It is ironic that, in the city that produced Abscam and Watergate, some citizens should suddenly worry that Washington is about to be invaded by "dirty-money types."

But this has become a major issue in the referendum on legalized gambling that voters in the District will decide today. Many people who have no moral objections to gambling wonder whether dog racing and jai alai will attract undesirables or otherwise alter the character of our city for the worse.

The question is a legitimate one, but most of the answers to it have been emotional rather than rational. In the past two days, a couple of revealing arguments on the subject appeared on The Washington Post's editorial pages.

Both Bill Raspberry and Juan Williams wrote about the illegal numbers game that flourishes in Washington, and both wrote about it with sympathy. Williams described his mother's passion for the game and her regular dealings with the numbers man who (in the eyes of the law, if not mother) is a criminal.

Neither columinst found anything particularly reprehensible about this form of gambling. I can find plenty of things wrong with it: the numbers game is an outrageous rip-off of the people who play it; it is antirational; profits from it wind up in the hands of undersirable elements of society.

Yet while both columnists defended numbers, they opposed the legalization in the District both dog racing and jai alai, games that would be regulated by the government and whose revenues would benefit the city as a whole.

This position is inconsistent but understandable. People who have grown up around the numbers game know that it is hardly as sinister as moralists and legalists would suggest. (Not many babies are going without milk because mommy plays the numbers. The numbers man is more apt to be a friendly neighbor than an underworld heavy.) But these same people may fear pari-mutuel gambling because it is unfamiliar to them.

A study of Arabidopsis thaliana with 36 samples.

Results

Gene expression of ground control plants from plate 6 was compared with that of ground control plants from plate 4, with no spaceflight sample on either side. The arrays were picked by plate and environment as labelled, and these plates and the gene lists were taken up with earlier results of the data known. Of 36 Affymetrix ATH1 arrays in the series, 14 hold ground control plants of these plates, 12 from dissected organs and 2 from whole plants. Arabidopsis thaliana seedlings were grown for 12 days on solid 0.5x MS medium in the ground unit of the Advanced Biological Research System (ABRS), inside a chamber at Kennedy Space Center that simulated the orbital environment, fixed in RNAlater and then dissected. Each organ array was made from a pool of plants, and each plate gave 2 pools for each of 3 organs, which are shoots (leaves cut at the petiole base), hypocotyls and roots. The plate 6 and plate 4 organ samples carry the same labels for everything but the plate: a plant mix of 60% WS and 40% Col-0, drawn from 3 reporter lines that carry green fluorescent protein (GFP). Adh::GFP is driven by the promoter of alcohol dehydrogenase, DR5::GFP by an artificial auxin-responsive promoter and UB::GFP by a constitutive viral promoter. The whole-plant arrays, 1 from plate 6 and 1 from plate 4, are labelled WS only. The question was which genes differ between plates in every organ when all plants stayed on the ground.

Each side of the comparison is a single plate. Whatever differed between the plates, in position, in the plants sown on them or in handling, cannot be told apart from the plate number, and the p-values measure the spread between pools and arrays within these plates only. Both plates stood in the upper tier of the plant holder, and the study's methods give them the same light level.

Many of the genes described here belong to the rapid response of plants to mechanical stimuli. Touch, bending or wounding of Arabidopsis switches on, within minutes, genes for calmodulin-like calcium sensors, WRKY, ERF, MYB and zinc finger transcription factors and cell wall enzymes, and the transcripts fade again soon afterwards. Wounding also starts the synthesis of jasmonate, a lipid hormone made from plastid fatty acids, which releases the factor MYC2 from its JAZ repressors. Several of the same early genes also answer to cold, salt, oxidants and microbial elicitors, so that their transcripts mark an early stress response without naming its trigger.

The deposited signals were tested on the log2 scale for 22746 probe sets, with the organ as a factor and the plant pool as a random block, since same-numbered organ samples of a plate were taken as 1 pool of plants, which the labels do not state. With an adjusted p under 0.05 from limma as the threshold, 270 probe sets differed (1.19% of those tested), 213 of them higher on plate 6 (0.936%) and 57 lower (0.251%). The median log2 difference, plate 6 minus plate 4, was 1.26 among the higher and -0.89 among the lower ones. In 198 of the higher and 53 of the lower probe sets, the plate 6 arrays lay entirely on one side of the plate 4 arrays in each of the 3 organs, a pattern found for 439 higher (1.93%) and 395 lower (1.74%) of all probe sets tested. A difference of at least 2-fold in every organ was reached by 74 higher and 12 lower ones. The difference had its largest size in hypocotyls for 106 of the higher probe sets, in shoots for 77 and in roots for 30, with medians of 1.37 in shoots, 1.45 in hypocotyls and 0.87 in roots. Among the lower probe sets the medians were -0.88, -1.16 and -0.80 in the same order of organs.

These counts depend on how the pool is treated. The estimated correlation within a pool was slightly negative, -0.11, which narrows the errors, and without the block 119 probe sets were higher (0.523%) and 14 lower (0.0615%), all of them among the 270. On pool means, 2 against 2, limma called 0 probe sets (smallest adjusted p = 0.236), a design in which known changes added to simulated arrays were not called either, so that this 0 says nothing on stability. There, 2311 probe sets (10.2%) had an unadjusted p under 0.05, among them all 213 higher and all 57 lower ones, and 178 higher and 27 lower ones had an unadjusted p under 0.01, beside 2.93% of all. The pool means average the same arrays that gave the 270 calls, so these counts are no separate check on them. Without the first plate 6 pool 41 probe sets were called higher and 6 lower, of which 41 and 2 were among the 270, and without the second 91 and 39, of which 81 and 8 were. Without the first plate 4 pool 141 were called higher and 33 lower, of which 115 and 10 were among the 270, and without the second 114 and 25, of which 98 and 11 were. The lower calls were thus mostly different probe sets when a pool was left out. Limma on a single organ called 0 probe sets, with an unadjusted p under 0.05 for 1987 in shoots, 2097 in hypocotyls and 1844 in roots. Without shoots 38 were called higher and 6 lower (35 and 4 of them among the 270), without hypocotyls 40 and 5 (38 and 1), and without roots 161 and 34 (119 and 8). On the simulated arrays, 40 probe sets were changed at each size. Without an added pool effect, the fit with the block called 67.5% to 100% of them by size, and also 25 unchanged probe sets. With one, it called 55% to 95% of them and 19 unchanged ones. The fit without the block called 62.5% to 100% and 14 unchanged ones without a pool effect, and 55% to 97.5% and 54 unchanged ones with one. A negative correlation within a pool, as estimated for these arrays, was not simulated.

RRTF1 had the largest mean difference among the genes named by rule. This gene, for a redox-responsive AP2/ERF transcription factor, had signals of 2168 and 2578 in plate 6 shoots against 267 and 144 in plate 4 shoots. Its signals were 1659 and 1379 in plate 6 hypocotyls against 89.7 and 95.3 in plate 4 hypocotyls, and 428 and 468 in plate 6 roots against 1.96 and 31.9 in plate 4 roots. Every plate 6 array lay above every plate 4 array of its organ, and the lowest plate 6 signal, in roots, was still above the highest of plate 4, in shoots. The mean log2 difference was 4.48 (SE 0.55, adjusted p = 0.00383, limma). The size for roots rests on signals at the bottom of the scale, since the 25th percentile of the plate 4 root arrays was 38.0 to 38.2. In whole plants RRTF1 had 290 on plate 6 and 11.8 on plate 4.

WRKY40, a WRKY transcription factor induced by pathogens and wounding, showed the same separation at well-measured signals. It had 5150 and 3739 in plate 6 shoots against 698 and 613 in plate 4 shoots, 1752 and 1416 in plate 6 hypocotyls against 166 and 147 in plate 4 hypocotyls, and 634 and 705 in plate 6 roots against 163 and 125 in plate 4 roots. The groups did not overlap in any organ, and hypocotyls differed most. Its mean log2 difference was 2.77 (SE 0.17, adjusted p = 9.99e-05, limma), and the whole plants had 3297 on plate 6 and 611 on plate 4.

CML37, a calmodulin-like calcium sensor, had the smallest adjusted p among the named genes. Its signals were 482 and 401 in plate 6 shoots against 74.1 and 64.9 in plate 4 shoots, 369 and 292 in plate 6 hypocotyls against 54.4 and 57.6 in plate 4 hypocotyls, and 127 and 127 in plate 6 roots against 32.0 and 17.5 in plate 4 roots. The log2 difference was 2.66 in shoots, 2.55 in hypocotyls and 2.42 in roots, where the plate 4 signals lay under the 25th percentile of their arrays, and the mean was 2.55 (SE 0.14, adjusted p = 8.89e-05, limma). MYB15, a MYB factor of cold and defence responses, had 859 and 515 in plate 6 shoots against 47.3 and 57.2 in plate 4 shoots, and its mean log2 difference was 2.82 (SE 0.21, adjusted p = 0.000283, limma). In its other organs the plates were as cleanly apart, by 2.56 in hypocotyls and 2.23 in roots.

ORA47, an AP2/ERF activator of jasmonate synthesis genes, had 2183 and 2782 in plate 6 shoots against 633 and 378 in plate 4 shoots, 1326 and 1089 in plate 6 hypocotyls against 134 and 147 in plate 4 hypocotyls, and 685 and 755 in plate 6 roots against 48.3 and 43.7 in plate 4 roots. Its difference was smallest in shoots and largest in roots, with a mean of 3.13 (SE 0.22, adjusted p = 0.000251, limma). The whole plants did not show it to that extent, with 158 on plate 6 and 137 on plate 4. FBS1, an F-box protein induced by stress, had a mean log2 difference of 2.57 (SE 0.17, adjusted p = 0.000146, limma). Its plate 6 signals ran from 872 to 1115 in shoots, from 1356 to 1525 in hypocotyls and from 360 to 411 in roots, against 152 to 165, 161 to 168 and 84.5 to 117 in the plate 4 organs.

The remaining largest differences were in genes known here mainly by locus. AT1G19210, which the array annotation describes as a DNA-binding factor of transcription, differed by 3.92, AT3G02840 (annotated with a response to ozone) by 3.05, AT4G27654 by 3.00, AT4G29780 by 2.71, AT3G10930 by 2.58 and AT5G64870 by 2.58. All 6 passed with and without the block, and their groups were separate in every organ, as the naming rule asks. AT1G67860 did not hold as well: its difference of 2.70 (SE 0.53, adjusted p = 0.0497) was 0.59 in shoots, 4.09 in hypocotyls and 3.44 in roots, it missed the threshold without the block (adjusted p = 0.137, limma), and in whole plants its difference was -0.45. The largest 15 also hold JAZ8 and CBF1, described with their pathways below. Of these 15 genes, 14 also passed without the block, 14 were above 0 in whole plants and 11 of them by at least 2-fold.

Raspberry wrote: "Maybe there is some reason to suppose that dog tracks and jai alai would attract to Washington some people we'd just as soon not have as neighbors: organized-crime figures, fixers and other dirty-money types . . . The question, really, is whether the gains in revenue, employment and entertainment are worth the risks involved in bringing alien games to the District."

They may be alien to Raspberry, but they are not alien to me. I have been to jai alai frontons from Miami to Macao, dog tracks from Denver to London, and the fear that these games can adversely alter the character of a city is not supported by reality anywhere.

When people think of legalized gambling, they think immediately of Las Vegas, whose culture and economy revolve around gambling, and whose ethos I don't think any city should want to emulate. But the existence of a race track does not turn a city into a Vegas.

No city in the United States is more pari-mutuel crazy than Miami. The greater Miami area has three thoroughbred tracks, two jai alai frontons, four dog tracks and a harness track.

And yet these gambling emporiums hav not significantly affected the character of the city. A tourist or a native can live his life there oblivious to their existence.

Miamians who don't gamble aren't bothered by these pari-mutuel establishments (except, perhaps, for an occasional traffic jam). Those who do gamble have wonderful opportunities for diversion. This is true in every major city that has legalized gambling.

Boston is a big dog-racing town but the sport hardly has altered the special character of that city. Nor has the Mile High Kennel Club spoiled the purity of the Rockies for John Denver.

And even though any gambling game is going to attract some people looking for a quick, dishonest buck, pari-mutuel betting hardly serves as a magnet for armies of "dirty-money types." All things considered, I would feel more confident in the integrity of a Washington dog track than that of the Congress.